May is the month to start looking for Michigan-grown rhubarb

This fruit is one of the signs that spring is truly here and summer is just around the corner.

Did you know that Michigan is the top state in the nation tied with Washington in rhubarb production?

Rhubarb, although technically a vegetable, is considered a fruit by consumers and is often used in making jams, jellies, pies, cobblers and sauces.  Fat free and very low in sodium, rhubarb is a good source of fiber, calcium and Vitamin C.

When buying or picking rhubarb, look for stalks that are firm and crisp.  Avoid stems that are wrinkled or limp.  At home, remove all of the leaves and wash the rhubarb in cold water until clean.  Dry and wrap the stalks in plastic wrap or food storage bags and store in the refrigerator.  Use within three to five days or freeze. 

To freeze, cut the stalks into one-to-two-inch pieces and pack them dry into freezer containers or freezer bags.  Rhubarb can also be made into a sauce, packed into clean, dry freezer containers and frozen.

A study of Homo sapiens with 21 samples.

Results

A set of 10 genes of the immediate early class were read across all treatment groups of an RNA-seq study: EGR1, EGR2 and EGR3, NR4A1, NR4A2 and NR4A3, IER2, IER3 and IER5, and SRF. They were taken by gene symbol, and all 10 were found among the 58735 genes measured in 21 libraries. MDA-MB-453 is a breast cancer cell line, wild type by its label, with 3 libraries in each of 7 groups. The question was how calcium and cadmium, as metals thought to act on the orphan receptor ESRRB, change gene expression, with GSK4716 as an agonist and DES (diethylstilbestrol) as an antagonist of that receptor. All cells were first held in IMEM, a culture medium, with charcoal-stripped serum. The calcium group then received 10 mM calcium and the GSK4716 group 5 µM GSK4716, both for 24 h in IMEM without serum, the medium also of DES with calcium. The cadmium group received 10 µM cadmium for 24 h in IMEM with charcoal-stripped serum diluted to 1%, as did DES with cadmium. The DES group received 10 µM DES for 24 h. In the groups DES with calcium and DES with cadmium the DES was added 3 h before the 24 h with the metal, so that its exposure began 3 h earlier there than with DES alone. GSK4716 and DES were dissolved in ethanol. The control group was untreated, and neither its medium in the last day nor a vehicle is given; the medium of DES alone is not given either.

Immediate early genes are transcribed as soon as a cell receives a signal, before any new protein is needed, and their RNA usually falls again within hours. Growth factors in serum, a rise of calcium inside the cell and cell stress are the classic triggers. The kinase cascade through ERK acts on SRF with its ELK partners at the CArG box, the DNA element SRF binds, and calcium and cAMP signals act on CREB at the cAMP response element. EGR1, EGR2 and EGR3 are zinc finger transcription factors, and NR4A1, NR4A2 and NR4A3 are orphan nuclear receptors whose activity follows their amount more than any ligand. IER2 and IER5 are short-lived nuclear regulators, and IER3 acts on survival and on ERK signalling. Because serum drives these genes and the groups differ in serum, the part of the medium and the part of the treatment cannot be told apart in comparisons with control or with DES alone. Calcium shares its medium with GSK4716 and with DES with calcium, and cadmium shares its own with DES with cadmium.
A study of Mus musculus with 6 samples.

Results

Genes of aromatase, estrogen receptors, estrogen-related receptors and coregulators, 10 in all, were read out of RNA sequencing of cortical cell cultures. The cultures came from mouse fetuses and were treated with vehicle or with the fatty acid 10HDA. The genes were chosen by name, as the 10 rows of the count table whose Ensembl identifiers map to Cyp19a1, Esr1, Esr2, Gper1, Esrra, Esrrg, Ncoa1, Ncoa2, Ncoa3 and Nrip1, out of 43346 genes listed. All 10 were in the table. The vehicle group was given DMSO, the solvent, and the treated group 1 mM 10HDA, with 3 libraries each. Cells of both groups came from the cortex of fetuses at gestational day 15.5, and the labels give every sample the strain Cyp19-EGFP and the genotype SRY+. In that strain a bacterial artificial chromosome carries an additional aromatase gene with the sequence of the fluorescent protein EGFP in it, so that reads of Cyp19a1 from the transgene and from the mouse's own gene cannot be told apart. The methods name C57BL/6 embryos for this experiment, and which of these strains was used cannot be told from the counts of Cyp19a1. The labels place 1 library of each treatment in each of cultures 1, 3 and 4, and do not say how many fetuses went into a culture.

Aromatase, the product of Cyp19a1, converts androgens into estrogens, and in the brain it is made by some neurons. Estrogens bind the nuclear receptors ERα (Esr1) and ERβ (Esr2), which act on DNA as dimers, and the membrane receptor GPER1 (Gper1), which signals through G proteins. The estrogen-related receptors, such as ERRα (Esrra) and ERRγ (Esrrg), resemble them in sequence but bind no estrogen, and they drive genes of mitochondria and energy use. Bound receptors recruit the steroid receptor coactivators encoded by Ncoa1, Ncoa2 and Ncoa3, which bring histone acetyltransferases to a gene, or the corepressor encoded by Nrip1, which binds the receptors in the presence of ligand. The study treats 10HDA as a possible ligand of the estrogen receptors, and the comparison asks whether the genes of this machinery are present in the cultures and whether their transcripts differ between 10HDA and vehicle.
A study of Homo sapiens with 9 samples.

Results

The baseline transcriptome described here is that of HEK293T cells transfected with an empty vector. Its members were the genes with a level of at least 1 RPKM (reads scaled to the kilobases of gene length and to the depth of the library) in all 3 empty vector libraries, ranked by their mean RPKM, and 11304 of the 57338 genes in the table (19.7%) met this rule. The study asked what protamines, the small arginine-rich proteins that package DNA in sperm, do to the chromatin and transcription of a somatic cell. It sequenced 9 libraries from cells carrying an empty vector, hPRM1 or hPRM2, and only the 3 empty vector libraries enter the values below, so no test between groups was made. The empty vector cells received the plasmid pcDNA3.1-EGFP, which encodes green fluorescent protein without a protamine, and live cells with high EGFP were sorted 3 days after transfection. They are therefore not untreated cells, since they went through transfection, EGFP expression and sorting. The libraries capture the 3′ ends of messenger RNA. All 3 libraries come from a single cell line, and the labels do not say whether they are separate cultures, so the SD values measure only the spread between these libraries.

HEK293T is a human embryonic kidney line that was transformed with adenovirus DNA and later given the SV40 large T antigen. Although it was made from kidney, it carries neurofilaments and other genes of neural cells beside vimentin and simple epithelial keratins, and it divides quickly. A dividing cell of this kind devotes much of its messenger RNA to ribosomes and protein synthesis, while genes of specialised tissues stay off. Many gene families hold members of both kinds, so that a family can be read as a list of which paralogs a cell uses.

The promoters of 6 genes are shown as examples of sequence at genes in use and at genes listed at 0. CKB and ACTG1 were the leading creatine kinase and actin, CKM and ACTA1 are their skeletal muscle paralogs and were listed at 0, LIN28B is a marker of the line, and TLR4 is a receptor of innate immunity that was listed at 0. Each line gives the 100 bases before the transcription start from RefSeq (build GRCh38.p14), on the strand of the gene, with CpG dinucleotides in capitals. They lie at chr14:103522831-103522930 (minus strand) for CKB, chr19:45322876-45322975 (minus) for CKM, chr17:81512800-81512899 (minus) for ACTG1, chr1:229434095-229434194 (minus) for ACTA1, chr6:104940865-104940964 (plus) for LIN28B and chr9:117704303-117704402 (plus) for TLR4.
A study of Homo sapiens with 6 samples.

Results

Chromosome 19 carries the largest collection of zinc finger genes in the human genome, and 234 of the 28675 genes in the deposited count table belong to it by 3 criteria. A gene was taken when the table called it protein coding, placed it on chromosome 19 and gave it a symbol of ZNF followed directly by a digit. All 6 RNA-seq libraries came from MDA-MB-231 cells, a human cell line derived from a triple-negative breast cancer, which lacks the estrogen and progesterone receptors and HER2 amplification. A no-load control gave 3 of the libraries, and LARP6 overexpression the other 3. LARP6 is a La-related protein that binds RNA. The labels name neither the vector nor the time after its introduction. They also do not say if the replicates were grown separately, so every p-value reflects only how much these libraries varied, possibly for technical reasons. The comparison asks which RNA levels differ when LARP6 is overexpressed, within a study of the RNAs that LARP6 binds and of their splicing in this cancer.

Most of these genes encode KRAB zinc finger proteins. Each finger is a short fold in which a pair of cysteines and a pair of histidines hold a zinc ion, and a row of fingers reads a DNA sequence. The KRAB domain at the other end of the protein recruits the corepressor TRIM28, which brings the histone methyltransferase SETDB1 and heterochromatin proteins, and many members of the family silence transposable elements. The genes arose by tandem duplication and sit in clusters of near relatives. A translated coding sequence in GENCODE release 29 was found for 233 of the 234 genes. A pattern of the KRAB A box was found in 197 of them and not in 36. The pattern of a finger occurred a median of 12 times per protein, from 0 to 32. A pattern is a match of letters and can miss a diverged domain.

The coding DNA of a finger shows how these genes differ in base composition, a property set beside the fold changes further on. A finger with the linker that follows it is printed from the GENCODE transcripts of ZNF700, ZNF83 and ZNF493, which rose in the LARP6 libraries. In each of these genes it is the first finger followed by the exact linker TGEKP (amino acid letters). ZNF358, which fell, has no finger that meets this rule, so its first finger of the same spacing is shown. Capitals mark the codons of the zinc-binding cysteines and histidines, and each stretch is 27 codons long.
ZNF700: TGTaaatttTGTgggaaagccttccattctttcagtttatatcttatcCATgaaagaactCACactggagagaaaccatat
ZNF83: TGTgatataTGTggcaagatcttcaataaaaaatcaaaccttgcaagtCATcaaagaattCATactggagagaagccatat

One pound of rhubarb provides about five servings; two pounds is needed to make a pie.

Research tells us that meals rich in fruits and vegetables may reduce the risk of some types of cancers and other chronic conditions such as high blood pressure, diabetes, heart disease and obesity.  Eating at least three-and-a-half cups of fruits and vegetables every day should be your goal in order to maintain good health, strong bones and high energy levels.

So add rhubarb to your spring fruit and vegetable menu and enjoy the tasty healthful benefits of this Michigan-grown product!

For more information about rhubarb including more preservation tips check out Michgan State University (MSU) Extension’s Michigan Fresh fact sheets.